Supreme Court: NHS “Public purposes” no longer stymied by village green registration

11 Dec 2019

Planning and Environment, Public Law and Judicial Review


The Supreme Court has ruled that use of land held by public bodies for “good public purposes” cannot be “stymied” by registration as a village green. They have ordered that the land should not be registered.

The long-awaited co-joined appeals of R(Lancashire CC) v Secretary of State for Environment Food and Rural and Affairs and R(NHS Property Services Ltd) v Surrey County Council and Jones [2019] UKSC 59 were handed down today by the Supreme Court.

The question is now being raised whether other potentially valuable land owned by public authorities that has been registered as a village green can be removed from the register and reinstated and held for its original public purposes.

Case background

The NHS case concerned an area of undeveloped land owned by the NHS, adjoining Leatherhead Hospital in Surrey.

After a public inquiry lasting five days, the land had been registered as a village green by Surrey County Council, rejecting the NHS’s arguments that the land was held for future statutory clinical and healthcare purposes inconsistent with use of the land as a village green. The NHS successfully challenged the registration in the High Court but this was overturned by the Court of Appeal on an application by a local resident, Mr Jones, and the NHS appealed to the Supreme Court.

The judgment

By a 3:2 majority (per Lords Carnwath, Sales and Lady Black) the Supreme Court held that where there is:

incompatibility between the statutory purposes for which the land is held and use of the land as a town or village green … the provisions of the [Commons Act] 2006 are, as a matter of the construction of that Act, not applicable in relation to it” (para.55)

This judgment substantially extends the principle of statutory incompatibility, initially identified by the Supreme Court in R(Newhaven Port & Properties Ltd) v East Sussex County Council [2015] UKSC 7, to any situation in which the use by local inhabitants would conflict with the statutory purpose for which the land is held.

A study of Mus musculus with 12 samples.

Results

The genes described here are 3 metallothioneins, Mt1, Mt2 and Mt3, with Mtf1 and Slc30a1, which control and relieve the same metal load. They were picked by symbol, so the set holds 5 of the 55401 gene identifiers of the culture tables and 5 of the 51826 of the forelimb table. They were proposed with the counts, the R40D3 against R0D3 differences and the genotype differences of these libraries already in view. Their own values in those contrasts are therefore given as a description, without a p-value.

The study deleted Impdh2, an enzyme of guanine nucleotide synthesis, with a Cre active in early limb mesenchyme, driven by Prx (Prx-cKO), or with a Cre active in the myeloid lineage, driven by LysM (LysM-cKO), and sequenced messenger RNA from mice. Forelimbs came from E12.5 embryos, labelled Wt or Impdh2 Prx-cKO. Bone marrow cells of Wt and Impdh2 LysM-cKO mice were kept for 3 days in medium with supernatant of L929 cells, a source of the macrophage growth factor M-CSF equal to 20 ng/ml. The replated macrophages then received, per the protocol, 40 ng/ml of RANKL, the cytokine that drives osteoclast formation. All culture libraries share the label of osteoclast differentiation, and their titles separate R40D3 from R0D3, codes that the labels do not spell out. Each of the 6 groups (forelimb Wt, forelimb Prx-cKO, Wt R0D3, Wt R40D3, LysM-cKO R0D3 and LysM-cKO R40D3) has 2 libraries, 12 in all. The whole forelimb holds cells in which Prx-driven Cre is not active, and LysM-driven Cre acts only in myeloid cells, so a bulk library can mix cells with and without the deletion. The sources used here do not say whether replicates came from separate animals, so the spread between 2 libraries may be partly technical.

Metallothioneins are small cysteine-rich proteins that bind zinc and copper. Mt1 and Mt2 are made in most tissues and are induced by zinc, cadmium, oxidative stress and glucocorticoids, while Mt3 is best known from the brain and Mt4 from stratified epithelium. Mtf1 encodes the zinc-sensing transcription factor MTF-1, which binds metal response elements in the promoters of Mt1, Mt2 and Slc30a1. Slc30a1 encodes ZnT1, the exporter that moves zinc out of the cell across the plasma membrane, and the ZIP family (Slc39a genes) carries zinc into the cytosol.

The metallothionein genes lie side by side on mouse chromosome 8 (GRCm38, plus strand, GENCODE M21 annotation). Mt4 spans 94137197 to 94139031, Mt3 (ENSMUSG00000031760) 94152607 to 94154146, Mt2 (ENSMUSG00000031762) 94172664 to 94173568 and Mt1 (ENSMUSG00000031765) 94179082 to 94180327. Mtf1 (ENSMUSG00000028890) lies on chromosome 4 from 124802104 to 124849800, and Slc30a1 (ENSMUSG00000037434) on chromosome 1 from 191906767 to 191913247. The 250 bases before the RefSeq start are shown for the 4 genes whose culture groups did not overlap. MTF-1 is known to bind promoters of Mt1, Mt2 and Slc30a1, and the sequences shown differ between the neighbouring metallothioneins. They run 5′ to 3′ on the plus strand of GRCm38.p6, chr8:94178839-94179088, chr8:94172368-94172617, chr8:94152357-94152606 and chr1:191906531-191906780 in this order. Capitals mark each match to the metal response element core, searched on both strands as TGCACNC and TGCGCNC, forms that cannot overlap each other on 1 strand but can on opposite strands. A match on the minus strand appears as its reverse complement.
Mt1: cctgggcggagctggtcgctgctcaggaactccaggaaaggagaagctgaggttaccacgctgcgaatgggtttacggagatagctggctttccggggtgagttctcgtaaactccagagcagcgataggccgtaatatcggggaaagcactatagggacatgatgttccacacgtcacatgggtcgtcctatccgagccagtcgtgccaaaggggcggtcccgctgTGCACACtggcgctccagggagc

The Supreme Court (at para 56) held that the test for statutory incompatibility is expressed in general terms: the test is not whether the land has been allocated by statute itself for particular statutory purposes, but whether it has been acquired for such purposes (compulsorily or by agreement) and is for the time being so held.

The majority did not find this surprising, saying (at para.61) that “it would be a strong thing to find that Parliament intended to allow use of land held by a public authority for good public purposes defined in statute to be stymied by the operation of a subsequent general statute such as the 2006 Act“, and that “there is no indication in that Act, or its predecessor (the Commons Registration Act 1965) that it was intended to have such an effect“.

There was statutory incompatibility in each of the co-appeals: the village green rights would conflict with the statutory healthcare purposes for which the land was held by the NHS or the statutory education purposes in the Lancashire case. The land could therefore not be registered as a village green.

Crucially, the majority held that it did not make any difference how the land actually happens to be used at any particular point in time. What matters is the general statutory purpose for which the land is held.

Both Lady Arden and Lord Wilson, however, did not agree and delivered powerful dissenting judgments.

The majority did not, however, disturb the observation of Lord Neuberger PSC in Newhaven at para.101. Accordingly, it remains the case that the doctrine of statutory incompatibility will not apply where “a public body might have statutory purposes to which it could in future appropriate the land (but has not yet done so)” (para.70).

The Supreme Court did agree that the NHS’ additional argument should be dismissed. This was that an implied permission could be inferred from its inaction over the qualifying period.

The NHS contended that it had an implied power to permit recreation and that it should be presumed it took a lawful decision to permit recreation in this instance because of the presumption of regularity, which applies to public authority decision making.

The majority (without dissent) affirmed the surviving parts of R(Beresford) v City of Sunderland [2003] UKHL 60, to re-state that: “passive acquiescence, even by a statutory authority with power to permit recreational use, is not enough” (para.40).

The NHS legal team: Jonathan Clay of Cornerstone Barristers with George Laurence QC (leader), and Simon Adamyk of 1, New Square for NHS Property Services Ltd (instructed by Womble Bond Dickenson LLP).

Dr Ashley Bowes of Cornerstone Barristers appeared for Mr Jones (instructed by Richard Buxton Solicitors).